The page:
From the Editor: Sweeter Than Honey
It is fitting for us to wrap up our work here in Pennsylvania on Christian History by doing this issue on Bernard of Clairvaux. We have wanted to overcome the common imbalance—which many of you have pointed out to us—that would seem to suggest that worthwhile history, with a few exceptions, began with the Reformation. Bernard, a man Luther and Calvin greatly admired, defies such a notion, and he represents a long and deep tradition that has contributed a great deal to the Church. Though Bernard stands out as an exemplar of Catholic monasticism, his pronounced loving devotion to Jesus Christ as Lord and Saviour and to the divine authority of Scripture transcends easy categories and gets to the heart of what the Christian faith is all about.
Bernard, the man of humility, is one of the great figures in Church history. He is nevertheless a figure who represents the “contradictions” of his age, and tensions that are still highly relevant today. He was a man of contemplative quiet, peace, and seclusion, a writer of the loftiest words on loving God who also vigorously promoted a Christian “holy war,” the Second Crusade, and who worked for political goals and the legal condemnation of heretics. It has been a key motif of our intention in publishing Christian History to encourage us all to realize that our collective heritage contains much to be thankful for, and much to be sorry for. We are all the body of Christ—or as Bernard might prefer to say, the Bride of Christ—and we all share in the glories and faults of our family. An important lesson to be learned here is that although we may regret many of Bernard’s actions, we should not judge him or any person, by the standards, values, and “enlightened insights,” of any age but his own; and the medieval world is a very difficult one for us to fathom (to say the least). And before we jump to criticize him with Bible verses, we must grapple with the fact that he had a profound and intimate mastery of the Bible. Indeed, his life was a religious experience saturated with Holy Scripture.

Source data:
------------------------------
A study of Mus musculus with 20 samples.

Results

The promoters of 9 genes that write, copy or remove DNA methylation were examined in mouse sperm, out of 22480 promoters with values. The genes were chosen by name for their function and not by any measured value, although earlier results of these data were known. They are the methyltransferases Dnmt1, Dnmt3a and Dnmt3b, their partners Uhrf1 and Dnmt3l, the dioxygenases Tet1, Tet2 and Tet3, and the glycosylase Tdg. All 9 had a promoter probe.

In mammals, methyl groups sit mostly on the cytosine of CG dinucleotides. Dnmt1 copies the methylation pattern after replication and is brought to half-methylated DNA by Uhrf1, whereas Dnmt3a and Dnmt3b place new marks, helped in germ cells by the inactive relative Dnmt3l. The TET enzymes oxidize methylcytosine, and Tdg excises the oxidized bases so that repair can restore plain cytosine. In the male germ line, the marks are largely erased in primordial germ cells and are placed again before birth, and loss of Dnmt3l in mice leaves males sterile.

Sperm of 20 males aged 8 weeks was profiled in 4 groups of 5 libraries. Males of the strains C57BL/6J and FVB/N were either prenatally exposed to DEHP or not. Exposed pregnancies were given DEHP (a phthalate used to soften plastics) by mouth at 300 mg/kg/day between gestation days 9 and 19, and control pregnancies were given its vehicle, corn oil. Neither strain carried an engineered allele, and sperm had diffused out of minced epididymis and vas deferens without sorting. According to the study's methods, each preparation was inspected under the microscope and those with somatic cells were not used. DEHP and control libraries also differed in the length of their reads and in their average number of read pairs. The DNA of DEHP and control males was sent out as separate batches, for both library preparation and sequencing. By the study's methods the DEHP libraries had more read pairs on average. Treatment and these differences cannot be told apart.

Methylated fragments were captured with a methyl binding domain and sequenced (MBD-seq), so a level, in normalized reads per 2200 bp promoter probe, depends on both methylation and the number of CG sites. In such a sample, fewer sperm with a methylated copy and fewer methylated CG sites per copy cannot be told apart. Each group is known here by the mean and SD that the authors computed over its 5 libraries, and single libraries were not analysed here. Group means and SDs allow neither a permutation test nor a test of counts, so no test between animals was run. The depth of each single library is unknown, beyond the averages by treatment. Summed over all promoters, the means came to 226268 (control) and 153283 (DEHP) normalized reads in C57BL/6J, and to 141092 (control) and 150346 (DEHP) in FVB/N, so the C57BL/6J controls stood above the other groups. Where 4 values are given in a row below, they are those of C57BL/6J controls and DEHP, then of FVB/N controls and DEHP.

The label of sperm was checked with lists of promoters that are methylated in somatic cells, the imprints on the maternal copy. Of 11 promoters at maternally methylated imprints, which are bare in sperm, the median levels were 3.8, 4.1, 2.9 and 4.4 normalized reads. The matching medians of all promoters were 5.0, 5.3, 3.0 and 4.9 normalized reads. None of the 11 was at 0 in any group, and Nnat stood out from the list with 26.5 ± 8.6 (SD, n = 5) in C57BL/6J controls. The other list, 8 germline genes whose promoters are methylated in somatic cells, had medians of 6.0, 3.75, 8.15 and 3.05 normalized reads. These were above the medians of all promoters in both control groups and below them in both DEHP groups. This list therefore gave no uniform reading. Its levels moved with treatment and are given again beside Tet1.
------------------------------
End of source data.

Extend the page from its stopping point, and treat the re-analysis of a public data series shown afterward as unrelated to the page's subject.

Bernard should cause us to consider the concessions we have made as Christians to the pattern of this world. Though many of us may not have considered the monastic life of contemplation as a viable vocation, we desperately need to reconsider how much of a still, quiet place we have uncompromisingly reserved in our lives for communion with our Lord. Do we not more likely simply try to fit God into the rat-race scheme of our lives—lives devoted to personal achievement? For all our flurry of “service” and religious activities, are we a generation to which God, though he might not say “I never knew you” (Matt 7:23), could say “I hardly knew you.” Would we dare to say that our communion with God and the priority we give it is the true indicator of our love for him? When it comes to the school of spiritual devotion, Bernard’s example casts most of us as distracted kindergarten children, and it has nothing to do with “works righteousness,” but everything to do with the command to love God with all our hearts, souls, and strength.
From across the centuries, from a distant, even alien medieval world, Bernard of Clairvaux comes to us and can help us. Thank God for Bernard’s wisdom, more valuable than gold, sweeter than honey. Thinking ourselves rich and full, we are poor and starving for it.
“Go out into
the field of your Lord and
consider how even today it abounds
in thorns and thistles
in fulfillment of the ancient curse.
Go out, I say, into the world,
for the field is the world and it is
entrusted to you.
Go out into it not as a lord,
but as a steward, to oversee and to
manage that for which you must
render an account.
Go out, I should have said, with
careful responsibility and
Bernard of Clairvaux
From Book 2 of On Consideration
Copyright © 1989 by the author or Christianity Today/Christian History magazine.